Claim: WikiLeaks founder could face death penalty
WikiLeaks founder Julian Assange is currently holed up at the Ecuadorian embassy in London.
Assange entered the embassy on June 19 after all attempts to fight extradition to Sweden - where the WikiLeaks founder faces charges of sexual assault - failed.
Assange, who denies the accusations, is concerned that extradition to Sweden could ultimately lead to his eventual transfer and detention in the United States.
Indeed, Assange's US lawyer, Michael Ratner, said he was certain the WikiLeaks founder had already either been secretly indicted by a grand jury in Washington or would face extradition with a view to prosecution - with the death penalty remaining a distinct possibility.
Fears over possible extradition to the US recently prompted Assange's mother to meet with Ecuador's Foreign Minister, Ricardo Patino, in an effort to accelerate the process of clinching political asylum for Julian.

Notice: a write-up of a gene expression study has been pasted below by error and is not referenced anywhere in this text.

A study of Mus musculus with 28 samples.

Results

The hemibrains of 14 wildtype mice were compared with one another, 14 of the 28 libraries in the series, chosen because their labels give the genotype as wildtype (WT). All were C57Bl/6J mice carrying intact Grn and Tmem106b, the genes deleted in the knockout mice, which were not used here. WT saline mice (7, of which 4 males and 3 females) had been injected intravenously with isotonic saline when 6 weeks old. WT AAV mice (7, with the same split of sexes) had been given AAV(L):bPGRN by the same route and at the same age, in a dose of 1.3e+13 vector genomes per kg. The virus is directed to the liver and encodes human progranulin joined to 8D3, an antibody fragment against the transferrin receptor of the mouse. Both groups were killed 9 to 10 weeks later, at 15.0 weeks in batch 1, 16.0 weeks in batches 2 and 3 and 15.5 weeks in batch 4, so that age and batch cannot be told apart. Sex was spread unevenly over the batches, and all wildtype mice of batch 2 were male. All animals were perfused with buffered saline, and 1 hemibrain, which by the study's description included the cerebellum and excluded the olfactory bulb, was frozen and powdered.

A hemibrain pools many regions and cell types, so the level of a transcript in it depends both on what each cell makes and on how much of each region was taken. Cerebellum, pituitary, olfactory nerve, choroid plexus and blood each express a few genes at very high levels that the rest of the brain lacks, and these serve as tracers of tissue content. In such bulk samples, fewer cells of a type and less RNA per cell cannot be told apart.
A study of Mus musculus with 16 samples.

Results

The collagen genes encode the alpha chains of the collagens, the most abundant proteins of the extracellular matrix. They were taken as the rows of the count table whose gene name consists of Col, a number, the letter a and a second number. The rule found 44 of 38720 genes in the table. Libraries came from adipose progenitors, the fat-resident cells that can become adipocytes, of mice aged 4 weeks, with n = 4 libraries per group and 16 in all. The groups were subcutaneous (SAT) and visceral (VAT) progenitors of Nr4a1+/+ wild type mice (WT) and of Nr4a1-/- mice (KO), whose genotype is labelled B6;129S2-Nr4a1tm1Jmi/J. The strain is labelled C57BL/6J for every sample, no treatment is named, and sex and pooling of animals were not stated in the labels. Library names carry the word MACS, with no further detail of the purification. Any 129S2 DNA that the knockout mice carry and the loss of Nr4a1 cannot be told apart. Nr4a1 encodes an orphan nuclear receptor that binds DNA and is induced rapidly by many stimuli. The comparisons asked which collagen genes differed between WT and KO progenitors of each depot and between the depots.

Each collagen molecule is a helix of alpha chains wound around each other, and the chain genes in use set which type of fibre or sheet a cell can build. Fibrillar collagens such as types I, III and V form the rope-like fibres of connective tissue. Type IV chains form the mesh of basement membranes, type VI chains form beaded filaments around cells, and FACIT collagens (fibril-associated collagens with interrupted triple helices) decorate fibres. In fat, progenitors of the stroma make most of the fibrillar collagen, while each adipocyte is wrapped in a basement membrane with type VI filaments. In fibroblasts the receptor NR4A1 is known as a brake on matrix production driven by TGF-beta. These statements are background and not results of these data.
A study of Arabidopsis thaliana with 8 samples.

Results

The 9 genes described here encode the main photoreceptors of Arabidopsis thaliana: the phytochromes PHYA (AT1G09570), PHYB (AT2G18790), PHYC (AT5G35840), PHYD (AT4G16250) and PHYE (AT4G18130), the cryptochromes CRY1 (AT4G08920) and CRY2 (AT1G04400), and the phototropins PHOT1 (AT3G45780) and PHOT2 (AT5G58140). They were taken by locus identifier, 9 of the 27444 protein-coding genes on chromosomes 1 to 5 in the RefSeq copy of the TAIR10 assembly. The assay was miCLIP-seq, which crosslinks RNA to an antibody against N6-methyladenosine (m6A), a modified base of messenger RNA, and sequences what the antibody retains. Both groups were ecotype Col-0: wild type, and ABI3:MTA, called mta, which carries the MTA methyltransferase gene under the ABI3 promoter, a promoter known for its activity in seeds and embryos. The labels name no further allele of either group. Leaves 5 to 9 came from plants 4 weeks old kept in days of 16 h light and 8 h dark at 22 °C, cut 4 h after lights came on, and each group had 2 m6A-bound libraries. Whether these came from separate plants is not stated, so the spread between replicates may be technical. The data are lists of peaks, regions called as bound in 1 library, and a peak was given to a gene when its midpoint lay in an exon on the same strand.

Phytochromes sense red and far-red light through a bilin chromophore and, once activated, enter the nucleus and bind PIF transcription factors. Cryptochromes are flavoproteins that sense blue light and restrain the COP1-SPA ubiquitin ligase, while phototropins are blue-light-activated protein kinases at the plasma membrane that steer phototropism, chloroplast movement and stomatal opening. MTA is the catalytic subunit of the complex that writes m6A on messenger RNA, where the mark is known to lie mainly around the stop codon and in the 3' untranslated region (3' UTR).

"As a mother I'm terrified for what would happen to my son if he's extradited to the United States where he'll be possibly executed or perhaps tortured in a prison and will not face a hearing as we've seen with Bradley Manning," Christine Assange told reporters.
"[Julian] is freedom-loving, he cannot run, he cannot go outside [the embassy] to see the sky. Outside, the UK police wait like dogs to take him... He cannot exercise the way he normally could and he's under extreme psychological stress."
Meanwhile, Patino confirmed that Ecuador was continuing its "thorough analysis" of Assange's asylum request, with a final decision expected relatively soon.
"Our decision will seek not to endanger the life of a human being," he added.